By Polyana da Costa · Bankrate.com
Monday, May 7, 2012
Posted: 7 am ET

You don't have to give up spending time with your newborn in order to get a mortgage.

It may sound obvious but giant mortgage insurance company MGIC refused to insure Carly Neals' mortgage because she was on maternity leave.

Neals of Wexford, Pa. filed a complaint with the Department of Housing and Urban Development and her case resulted in a lawsuit filed by the Department of Justice.

The lawsuit, filed in the U.S. District Court, alleged that MGIC required women on maternity leave to return to work before the company would insure their mortgages even for women who had a guaranteed right to return to work after the leave.

Lenders require borrowers to obtain mortgage insurance when borrowers are getting a mortgage of more than 80 percent of their home's value.

The case was just settled. MGIC established a $511,250 fund to compensate 70 individuals who allegedly suffered this type of discrimination when trying to get a mortgage. Neals will get $45,500 from the fund to compensate for the "pain and suffering and compensate her for leave that she forfeited in response to MGIC’s requirement that she return to work," according to DOJ.

"No company involved in lending should force a parent to give up her or his legal right to take time off from work to care for a new child in order to obtain a mortgage loan," says Thomas E. Perez, assistant attorney general for the Justice Department’s Civil Rights Division.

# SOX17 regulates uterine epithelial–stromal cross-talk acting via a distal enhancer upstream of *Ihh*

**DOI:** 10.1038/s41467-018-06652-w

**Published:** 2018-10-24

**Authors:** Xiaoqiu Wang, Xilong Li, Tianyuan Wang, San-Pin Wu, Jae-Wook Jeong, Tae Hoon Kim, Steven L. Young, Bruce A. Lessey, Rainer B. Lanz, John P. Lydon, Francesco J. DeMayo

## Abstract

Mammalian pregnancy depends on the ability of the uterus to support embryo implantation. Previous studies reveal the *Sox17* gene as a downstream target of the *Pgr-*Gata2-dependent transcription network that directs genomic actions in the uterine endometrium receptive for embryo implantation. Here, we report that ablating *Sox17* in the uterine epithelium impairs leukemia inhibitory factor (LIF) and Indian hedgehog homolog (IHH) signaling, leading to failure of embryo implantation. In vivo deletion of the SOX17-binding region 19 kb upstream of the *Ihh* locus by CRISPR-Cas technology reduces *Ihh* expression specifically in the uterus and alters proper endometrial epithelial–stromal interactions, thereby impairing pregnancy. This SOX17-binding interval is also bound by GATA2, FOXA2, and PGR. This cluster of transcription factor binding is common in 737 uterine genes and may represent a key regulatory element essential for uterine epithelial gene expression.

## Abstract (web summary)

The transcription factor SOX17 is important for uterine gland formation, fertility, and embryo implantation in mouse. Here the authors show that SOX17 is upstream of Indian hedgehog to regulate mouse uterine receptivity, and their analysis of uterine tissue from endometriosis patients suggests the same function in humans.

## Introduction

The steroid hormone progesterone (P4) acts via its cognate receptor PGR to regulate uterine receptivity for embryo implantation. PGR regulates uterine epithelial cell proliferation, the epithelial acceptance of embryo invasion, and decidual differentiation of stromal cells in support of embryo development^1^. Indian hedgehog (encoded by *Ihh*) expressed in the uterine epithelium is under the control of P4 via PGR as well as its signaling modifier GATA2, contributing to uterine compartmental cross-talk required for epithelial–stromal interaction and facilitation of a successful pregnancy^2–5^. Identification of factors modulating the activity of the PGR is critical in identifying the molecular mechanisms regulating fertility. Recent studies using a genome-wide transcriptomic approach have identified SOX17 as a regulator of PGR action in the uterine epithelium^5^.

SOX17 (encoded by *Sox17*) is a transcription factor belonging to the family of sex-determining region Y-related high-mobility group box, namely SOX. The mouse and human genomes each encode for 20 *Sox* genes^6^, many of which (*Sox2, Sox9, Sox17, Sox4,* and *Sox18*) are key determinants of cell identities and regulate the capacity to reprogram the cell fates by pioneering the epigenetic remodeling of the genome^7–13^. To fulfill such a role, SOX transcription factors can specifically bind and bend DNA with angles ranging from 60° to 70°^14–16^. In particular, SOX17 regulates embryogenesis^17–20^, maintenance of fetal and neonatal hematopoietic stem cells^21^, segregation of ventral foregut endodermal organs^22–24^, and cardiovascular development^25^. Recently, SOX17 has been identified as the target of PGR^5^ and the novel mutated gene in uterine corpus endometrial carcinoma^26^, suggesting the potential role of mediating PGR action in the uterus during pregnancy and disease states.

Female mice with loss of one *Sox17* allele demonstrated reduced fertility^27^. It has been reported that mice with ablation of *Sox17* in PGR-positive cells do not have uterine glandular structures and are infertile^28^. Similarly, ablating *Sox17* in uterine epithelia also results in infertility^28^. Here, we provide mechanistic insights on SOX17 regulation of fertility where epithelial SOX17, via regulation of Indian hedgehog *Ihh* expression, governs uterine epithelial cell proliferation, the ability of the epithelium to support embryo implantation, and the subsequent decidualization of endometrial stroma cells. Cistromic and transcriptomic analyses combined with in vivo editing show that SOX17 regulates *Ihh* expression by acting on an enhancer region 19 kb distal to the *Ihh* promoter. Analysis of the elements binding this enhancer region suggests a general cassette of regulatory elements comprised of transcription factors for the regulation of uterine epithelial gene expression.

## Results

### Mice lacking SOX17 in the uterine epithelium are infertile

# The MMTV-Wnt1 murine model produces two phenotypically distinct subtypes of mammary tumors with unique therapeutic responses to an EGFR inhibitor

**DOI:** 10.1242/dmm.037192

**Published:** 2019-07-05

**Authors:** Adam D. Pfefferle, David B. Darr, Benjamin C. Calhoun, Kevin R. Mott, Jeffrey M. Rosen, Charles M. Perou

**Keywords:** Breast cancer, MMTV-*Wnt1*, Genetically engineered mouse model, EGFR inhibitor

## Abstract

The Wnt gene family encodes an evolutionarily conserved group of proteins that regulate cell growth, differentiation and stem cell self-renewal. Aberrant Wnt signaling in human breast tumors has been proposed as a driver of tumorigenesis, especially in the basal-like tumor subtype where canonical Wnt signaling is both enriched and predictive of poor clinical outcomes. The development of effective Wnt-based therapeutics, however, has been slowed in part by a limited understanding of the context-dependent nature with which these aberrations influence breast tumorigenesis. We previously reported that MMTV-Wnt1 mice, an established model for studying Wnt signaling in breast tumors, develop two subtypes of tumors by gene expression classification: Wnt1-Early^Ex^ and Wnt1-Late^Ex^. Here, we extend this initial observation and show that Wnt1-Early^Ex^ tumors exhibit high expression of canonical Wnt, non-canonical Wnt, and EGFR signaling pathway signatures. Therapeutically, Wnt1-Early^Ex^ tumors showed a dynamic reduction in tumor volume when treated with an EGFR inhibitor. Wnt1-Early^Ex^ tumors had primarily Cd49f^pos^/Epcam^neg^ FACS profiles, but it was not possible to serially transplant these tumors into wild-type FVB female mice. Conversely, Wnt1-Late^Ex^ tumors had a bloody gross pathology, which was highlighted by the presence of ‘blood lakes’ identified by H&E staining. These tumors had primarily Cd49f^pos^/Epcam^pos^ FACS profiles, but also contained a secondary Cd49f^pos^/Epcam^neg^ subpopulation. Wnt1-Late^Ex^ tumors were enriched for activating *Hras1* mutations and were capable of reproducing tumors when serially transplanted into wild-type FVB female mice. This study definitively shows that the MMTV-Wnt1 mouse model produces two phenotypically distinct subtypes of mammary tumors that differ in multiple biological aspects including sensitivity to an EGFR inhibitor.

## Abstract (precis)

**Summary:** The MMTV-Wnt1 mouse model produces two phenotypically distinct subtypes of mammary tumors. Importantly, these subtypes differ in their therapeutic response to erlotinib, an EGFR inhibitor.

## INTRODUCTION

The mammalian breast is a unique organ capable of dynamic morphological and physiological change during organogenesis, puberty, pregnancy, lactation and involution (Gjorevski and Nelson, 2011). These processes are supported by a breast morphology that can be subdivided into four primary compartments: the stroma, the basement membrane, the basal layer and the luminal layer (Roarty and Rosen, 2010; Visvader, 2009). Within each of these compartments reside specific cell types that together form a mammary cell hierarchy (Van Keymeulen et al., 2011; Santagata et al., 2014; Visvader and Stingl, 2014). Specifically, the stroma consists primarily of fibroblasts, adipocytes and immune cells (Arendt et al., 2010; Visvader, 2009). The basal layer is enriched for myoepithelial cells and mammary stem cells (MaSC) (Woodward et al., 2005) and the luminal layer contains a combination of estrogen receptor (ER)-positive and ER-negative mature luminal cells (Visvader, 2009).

Fair enough, no?

Steven
May 14, 2012 at 2:57 pm

No Government should force PRIVATE companies to give up THEIR right to require proof of income before issuing insurance. Given the nubmer of mothers that decide NOT to go back after maternity leave, the decision not to insure people until they return is IDENTICAL to not insuring people that don't have a job.

Contrary to the implication of the artile AND the lawsuit, there is NO right to BORROW money.

Rins
May 07, 2012 at 2:22 pm

I think what they are trying to prevent is financing a couple based on two incomes and then the mom deciding she wants to stay home with the baby after being able to spend so much time with it.

While it's true anyone could decide to stay home or become part time...I don't think it's unreasonable to think new moms are more of a risk in that regard.

To know for sure if this is fair or not though there needs to be some research done on the % of new moms who leave the workforce or become part time when their original plan was to go back full time.

That being said...45K for "pain and suffering" wow...pretty sure I'd glady go through that kind of "pain and suffering" (which sounds like it amounts to waiting a few months for a mortgage and going back to work a early) for 45K.